Austrian pediatrician Hans Asperger first met his 6-year-old patient in 1939. “A highly unusual boy who shows a very severe impairment in social integration… and certain stereotypic movements and habits,” Asperger wrote. The content of the child’s speech was far beyond his years. And though he talked like an adult, he would seldom answer a question. Asperger’s observations, along with the parallel findings of Johns Hopkins’ pediatrician Leo Kanner, gave a name to what we now call autism spectrum disorders (ASD).

All forms of autism are points on that spectrum, meaning each child with ASD has a unique combination of needs. Asperger’s is sometimes referred to as “high-functioning” autism. Because vocabulary and speech fluency issues common in autism are less pronounced in the child with Asperger’s, he may appear “normal,” therefore he may never receive the sensory and social communication services critical to his overall success. As with any “invisible” disability, too many children with Asperger’s slip through these cracks.

Some flags to watch for:

Speech may seem normal or even advanced.

However, it may encompass only limited complex topics for which the child has encyclopedic knowledge (“special interests”).

Social communication may be severely lacking.

No eye contact, greetings, acknowledgment when spoken to, or reciprocal conversation. Persons with Asperger’s are aware that social interaction is required of them but do not know how to accomplish it. They are not able to read facial expressions, body language or the emotions of others; they lack the skills to initiate and maintain conversation or play in situations. Inappropriate social responses, such as laughing when someone gets hurt, bring contempt and rebuke, which they truly do not understand. Speech therapy can help facilitate conversational skills and social conventions.

May lack a sense of danger.

This is the child who runs into the street without looking, jumps from the top of the play structure. Constant supervision and clear visual boundaries are necessary (one Mom painted a stop sign at the end of the driveway). Instructions must be phrased in the positive rather than negative: “Wait on the sidewalk” rather than “Don’t run into the street.” Some ASD children will hear only the last verb in the sentence and nothing before it, so your direction “Don’t run!” becomes “Run!”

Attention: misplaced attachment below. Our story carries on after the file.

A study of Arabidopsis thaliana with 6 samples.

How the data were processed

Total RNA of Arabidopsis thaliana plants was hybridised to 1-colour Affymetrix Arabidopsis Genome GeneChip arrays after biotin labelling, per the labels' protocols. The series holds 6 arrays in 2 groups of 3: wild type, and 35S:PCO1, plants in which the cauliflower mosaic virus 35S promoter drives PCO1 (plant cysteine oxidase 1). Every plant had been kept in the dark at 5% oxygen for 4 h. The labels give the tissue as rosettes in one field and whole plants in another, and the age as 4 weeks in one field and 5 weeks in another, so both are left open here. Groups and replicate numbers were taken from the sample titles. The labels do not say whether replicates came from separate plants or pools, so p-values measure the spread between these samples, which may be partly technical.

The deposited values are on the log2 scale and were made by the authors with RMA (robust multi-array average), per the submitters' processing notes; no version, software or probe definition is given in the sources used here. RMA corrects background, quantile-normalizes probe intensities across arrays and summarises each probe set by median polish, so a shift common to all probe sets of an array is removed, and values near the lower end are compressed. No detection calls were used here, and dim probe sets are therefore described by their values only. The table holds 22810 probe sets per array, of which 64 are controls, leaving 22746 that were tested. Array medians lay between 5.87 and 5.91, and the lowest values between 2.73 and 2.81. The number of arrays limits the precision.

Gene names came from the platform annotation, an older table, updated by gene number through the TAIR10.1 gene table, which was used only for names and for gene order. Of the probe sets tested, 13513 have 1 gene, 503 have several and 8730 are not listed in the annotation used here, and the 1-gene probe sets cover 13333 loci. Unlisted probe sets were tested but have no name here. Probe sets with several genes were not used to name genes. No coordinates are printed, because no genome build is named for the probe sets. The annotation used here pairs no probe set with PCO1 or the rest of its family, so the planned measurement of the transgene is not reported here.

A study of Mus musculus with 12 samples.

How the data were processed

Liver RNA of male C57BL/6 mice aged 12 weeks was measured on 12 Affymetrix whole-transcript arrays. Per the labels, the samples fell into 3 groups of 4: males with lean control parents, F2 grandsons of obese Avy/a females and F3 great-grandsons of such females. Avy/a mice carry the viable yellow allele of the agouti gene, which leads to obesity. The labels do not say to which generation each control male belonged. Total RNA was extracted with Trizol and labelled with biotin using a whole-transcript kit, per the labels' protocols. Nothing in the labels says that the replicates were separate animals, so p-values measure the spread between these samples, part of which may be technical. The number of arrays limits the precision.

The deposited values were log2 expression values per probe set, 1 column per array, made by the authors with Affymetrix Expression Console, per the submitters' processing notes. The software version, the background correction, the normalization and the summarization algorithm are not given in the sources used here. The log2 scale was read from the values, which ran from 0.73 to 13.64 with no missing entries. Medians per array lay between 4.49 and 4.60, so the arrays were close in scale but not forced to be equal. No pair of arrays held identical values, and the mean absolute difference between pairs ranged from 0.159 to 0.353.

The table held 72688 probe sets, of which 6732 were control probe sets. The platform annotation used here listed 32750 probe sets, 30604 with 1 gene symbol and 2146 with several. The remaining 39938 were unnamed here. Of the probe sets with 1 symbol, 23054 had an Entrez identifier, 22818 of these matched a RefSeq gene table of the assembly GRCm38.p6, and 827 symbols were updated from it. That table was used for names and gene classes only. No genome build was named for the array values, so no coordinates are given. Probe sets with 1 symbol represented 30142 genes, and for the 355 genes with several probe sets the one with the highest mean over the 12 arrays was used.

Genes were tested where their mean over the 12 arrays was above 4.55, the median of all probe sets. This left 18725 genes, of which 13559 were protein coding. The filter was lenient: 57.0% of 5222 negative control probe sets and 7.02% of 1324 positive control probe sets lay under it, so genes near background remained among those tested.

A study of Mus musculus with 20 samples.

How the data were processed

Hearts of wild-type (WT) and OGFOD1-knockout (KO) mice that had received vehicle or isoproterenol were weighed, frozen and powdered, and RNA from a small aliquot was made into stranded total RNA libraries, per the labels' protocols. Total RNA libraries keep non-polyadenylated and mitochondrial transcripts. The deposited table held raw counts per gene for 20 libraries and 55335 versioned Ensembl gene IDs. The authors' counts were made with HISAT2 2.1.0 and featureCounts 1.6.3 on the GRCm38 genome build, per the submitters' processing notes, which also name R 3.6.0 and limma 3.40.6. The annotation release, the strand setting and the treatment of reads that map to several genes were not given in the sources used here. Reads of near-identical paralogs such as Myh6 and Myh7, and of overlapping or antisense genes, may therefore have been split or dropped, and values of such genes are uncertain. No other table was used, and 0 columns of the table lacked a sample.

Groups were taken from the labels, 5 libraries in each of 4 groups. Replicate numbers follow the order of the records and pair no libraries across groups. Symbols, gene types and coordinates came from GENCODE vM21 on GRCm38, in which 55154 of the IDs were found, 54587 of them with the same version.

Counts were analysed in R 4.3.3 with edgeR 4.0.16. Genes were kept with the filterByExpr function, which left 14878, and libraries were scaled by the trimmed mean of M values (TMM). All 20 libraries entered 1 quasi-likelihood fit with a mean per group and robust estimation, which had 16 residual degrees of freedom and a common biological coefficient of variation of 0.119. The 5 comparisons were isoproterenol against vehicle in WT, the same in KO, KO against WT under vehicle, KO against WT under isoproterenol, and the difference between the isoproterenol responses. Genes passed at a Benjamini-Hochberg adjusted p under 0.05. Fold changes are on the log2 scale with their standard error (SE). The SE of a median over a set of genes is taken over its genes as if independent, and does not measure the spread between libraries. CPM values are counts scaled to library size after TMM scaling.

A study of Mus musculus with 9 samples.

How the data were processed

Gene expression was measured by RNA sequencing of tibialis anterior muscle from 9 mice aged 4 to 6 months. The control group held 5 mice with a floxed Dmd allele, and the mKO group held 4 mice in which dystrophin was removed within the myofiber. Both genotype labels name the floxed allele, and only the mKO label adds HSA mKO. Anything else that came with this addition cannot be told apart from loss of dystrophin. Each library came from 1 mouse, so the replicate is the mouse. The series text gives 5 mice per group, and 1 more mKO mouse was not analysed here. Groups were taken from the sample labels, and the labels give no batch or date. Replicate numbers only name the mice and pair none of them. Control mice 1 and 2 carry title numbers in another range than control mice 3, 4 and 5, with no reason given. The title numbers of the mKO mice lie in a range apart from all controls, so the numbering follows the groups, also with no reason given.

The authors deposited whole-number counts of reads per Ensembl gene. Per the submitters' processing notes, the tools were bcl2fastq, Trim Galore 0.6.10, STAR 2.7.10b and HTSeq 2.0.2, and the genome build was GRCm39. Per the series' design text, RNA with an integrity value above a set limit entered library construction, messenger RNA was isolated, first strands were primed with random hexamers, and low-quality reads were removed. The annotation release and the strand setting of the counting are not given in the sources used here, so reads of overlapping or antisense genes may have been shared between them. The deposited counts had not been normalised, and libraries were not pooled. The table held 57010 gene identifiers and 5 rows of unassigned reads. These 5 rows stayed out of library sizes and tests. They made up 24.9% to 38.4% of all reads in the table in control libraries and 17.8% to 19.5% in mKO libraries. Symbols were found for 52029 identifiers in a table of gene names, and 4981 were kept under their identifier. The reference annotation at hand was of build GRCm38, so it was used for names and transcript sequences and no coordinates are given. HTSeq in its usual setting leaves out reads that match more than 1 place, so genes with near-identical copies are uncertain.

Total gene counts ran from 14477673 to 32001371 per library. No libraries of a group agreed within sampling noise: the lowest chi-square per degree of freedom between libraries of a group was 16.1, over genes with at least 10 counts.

Motor functions can be greatly affected by impairments to the vestibular and proprioceptive senses.

Children with such difficulties may literally trip over their own feet, bounce off walls, fall out of chairs. These two lesser-known senses can be very difficult for parents and typical people to understand. And because they are incomprehensible, vestibular and proprioceptive problems may go unidentified and untreated, leaving the child with ASD to cope unaided with a critical part of his environment. In a nutshell:

The vestibular system regulates the sense of equilibrium by responding to changes in the position of the eyes and head. Its “command center” is located in the inner ear. Vestibular disorder can cause symptoms ranging from dizziness/vertigo to imbalance and nausea (chronic “seasickness”). It can affect hearing, vision (stationary objects appear to be moving, printed material may appear blurry, displaced or in motion), energy level, cognitive function (difficulty with memory, inability to focus) and emotional health (anxiety, depression).

The proprioceptive sense uses feedback from joints and muscles to tell us where our body is in space and what forces and pressures are acting upon it. Children with proprioceptive difficulties may walk with an odd, heavy gait, have difficulty managing tableware, lose their balance in the dark or when their eyes are closed. Some are “crashers,” forever running into or jumping off things as they seek deep pressure sensory input.

When these two senses are disordered, navigating through daily life can be extremely challenging. An occupational therapist’s help in addressing vestibular and proprioceptive issues is crucial.

May exhibit repetitive, self-stimulating behaviors such as hand flapping or collar chewing.

These “stims” fill a sensory need; merely interrupting the behavior doesn’t eliminate the need. Help the child find suitable alternatives. For instance, collar chewers and nail biters are seeking calming oral input. Place a piece of rubber tubing on the end of his pencil, let him chew several sticks of gum during stressful parts of the day, keep a water bottle on his desk. A squeeze ball, beanbag or similar fidget toy can provide calming tactile input to a hand flapper or cuticle picker. Consult an occupational therapist for suggestions.

Forms of autism, Asperger’s and other variations on typical neurological development have always been with us. Armed with contemporary knowledge, we can look back in time and see that many remarkable people whose characteristics might suggest Asperger’s have shaped the way we live today: Einstein, Mozart, Edison, Thomas Jefferson.

Genius does not lurk within every child on the autism spectrum, but it is our job to open the doors to learning in a manner that makes sense to them so that the extraordinary gift of independent living can be theirs, and so that the gifts that are in fact locked within each one of them can flow back to us.